It was a damp and dreary autumn evening when I finally decided to clean out our dreaded hall closet. I turned on some 80s music and began sifting through old board games, puzzles with missing pieces, and scarves. I was officially a clutter collector. Beneath all the jackets, coats, and a few forgotten shoes, I discovered a small cardboard box. Inside was my childhood treasure: matted red yarn hair, scratched black button eyes, and a crooked stitched smile. My sweet Raggedy Ann was the little sister I never had. After all these years of going away to college, traveling, and employment relocations, Raggy never left my side. It pained me to find her here, abandoned in this box.
I held her clubbed hand, cradled my cotton sister, and began to cry. I was a 32-year-old mother to a sweet son, holding an old doll and sobbing in the closet. My body convulsed as I recalled the sexual abuse of my childhood.
I dubbed him The Monster. Others called him Father. He was a close friend of my parents and a frequent guest in our home. He seemed to be as tall as he was wide, with a head of slicked ice-gray hair and silver-rimmed glasses. His face was rough like a prehistoric crater. Upon his arrival at our home, a snack tray with potato chips and pop was promptly placed in front of him as he settled into his favorite vinyl chair.
As a precocious three-year-old, I danced and performed around the living room, and he beckoned me to “come sit on my lap.” The day I finally did, the twirling stopped and the terror began. While I bounced on those thick dinosaur legs, his hands hurting me under my dress, my parents would ask if he needed anything. I assumed they must have known what he was doing to me. After all, he stayed for a delicious dinner.
Over time, the chair game was no longer sufficient. The Monster and I would leave the house and take our “special trips.” In desperation, I reached for Raggy and took her along, though she was never able to protect me. We were both too small.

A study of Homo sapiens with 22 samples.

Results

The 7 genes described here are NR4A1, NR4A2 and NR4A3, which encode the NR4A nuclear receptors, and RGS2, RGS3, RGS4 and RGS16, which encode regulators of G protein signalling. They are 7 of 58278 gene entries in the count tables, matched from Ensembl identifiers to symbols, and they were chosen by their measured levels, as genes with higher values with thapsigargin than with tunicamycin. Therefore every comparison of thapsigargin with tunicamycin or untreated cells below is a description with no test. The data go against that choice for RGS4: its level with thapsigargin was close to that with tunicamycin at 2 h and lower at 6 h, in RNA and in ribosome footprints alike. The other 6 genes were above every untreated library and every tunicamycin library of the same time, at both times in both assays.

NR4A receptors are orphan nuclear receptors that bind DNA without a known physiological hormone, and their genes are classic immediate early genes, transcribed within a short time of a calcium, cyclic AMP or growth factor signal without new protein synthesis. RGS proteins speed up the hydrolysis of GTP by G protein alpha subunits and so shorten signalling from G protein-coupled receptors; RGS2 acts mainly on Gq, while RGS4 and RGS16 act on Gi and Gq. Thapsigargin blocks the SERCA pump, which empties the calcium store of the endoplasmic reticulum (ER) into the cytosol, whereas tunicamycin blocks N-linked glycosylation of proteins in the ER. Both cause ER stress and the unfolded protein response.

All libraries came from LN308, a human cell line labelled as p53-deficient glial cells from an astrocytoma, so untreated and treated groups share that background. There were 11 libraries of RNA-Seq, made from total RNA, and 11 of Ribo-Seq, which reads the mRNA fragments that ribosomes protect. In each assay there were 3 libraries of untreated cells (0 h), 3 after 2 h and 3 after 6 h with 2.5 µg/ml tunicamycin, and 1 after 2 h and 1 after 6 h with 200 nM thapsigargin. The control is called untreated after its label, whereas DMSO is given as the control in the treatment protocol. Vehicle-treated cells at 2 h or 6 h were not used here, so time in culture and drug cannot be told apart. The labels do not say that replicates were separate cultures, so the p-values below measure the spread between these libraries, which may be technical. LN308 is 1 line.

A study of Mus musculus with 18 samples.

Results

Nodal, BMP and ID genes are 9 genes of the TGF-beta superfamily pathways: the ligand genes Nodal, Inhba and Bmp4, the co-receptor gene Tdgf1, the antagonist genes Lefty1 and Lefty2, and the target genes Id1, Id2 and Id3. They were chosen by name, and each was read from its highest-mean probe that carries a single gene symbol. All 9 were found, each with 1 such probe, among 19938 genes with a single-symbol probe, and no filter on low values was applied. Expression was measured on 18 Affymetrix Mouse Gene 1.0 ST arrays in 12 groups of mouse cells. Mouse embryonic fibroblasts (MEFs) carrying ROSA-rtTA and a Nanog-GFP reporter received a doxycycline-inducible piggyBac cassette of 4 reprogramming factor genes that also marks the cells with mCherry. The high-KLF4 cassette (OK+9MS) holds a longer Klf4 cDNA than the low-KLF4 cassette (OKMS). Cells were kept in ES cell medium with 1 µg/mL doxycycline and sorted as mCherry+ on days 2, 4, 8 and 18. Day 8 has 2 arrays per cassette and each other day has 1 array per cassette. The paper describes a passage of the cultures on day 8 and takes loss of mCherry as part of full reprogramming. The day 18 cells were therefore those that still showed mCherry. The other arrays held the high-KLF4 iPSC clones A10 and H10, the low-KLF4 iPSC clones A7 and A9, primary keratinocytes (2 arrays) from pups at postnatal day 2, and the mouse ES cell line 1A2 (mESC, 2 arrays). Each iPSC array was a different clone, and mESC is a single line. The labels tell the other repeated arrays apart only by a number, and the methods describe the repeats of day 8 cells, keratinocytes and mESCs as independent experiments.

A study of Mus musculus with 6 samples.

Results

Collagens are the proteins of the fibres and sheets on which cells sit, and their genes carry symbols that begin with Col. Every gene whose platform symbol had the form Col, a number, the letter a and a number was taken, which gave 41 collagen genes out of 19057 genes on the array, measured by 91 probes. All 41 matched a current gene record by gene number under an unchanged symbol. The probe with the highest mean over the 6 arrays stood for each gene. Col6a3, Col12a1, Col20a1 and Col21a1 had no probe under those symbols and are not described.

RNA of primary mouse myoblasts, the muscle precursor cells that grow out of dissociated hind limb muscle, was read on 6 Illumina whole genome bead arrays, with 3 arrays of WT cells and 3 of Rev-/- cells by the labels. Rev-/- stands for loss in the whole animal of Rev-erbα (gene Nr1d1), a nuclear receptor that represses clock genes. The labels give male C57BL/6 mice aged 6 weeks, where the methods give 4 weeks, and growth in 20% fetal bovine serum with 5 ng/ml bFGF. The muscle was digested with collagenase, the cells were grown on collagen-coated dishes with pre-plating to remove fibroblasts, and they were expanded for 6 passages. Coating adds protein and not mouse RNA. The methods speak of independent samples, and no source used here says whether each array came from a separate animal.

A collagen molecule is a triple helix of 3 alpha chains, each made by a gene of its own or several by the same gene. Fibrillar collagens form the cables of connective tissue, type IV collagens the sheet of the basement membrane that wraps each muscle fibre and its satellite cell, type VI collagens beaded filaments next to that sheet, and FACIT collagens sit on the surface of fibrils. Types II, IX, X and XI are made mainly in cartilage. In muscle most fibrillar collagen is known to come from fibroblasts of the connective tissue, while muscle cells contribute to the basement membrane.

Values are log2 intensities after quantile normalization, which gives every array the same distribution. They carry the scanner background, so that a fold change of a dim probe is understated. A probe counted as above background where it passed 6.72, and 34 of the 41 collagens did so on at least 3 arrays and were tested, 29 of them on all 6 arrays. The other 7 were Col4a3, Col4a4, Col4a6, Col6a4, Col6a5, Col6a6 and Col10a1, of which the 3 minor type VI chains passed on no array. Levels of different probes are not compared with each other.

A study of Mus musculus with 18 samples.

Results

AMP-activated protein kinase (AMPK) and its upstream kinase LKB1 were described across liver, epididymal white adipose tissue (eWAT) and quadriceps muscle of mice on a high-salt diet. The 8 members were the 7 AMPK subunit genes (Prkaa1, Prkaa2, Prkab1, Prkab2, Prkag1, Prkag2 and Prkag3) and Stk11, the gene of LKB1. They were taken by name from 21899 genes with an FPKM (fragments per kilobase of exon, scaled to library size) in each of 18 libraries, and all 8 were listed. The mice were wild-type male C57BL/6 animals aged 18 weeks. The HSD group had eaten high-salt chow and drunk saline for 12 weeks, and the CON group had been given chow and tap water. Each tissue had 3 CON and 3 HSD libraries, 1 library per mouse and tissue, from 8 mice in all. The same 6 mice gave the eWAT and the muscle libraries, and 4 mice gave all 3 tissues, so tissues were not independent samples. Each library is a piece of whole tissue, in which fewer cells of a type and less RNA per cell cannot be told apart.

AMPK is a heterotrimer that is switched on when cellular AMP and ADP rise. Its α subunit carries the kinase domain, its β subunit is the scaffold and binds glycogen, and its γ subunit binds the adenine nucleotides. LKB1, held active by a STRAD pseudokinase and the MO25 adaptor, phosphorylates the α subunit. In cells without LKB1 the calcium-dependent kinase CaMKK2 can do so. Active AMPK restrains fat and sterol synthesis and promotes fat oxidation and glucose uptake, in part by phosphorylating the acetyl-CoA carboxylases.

His car had one long, flat front seat. I would lie still and squeeze my eyes closed. I hoped he would stop if he thought I was sleeping. In my little girl gut, beneath my floral cotton sundress, I screamed at him to go away. Raggy stayed close, and my tears soaked her dress. As the gravel crunched under his tires, his face bloated like a toad, he would turn to me and firmly state: “Do not tell anyone. No one will believe a little girl. And if you do tell someone, I will find you and kill you.”
Shortly after my sixth birthday, my living nightmare suddenly ceased to exist, and finding the perfect box, I reached for Raggy one last time. I hugged her so tight, her black button eyes seemed to bulge. Twisting her red yarn hair in my fingers, I held my pinky to Raggy’s crooked stitched mouth and asked her to keep our secret safe in her little cloth heart. I folded her in half and laid her gently down. Sighing, I carried the carton up to our attic one slow step at a time.
The crack of thunder and my dog’s bark brought me back to the moment. Sitting cross-legged on the wood floor in our hallway, a mixture of scarves and shoes scattered, I gently gave Raggy one last hug. Realizing all I had been through made me the person I am today, and for that, I am grateful. Pressure is a key part of what turns carbon into diamonds. And like a diamond, I will continue to shine.
This article first appeared on Women For One and is featured here with author permission.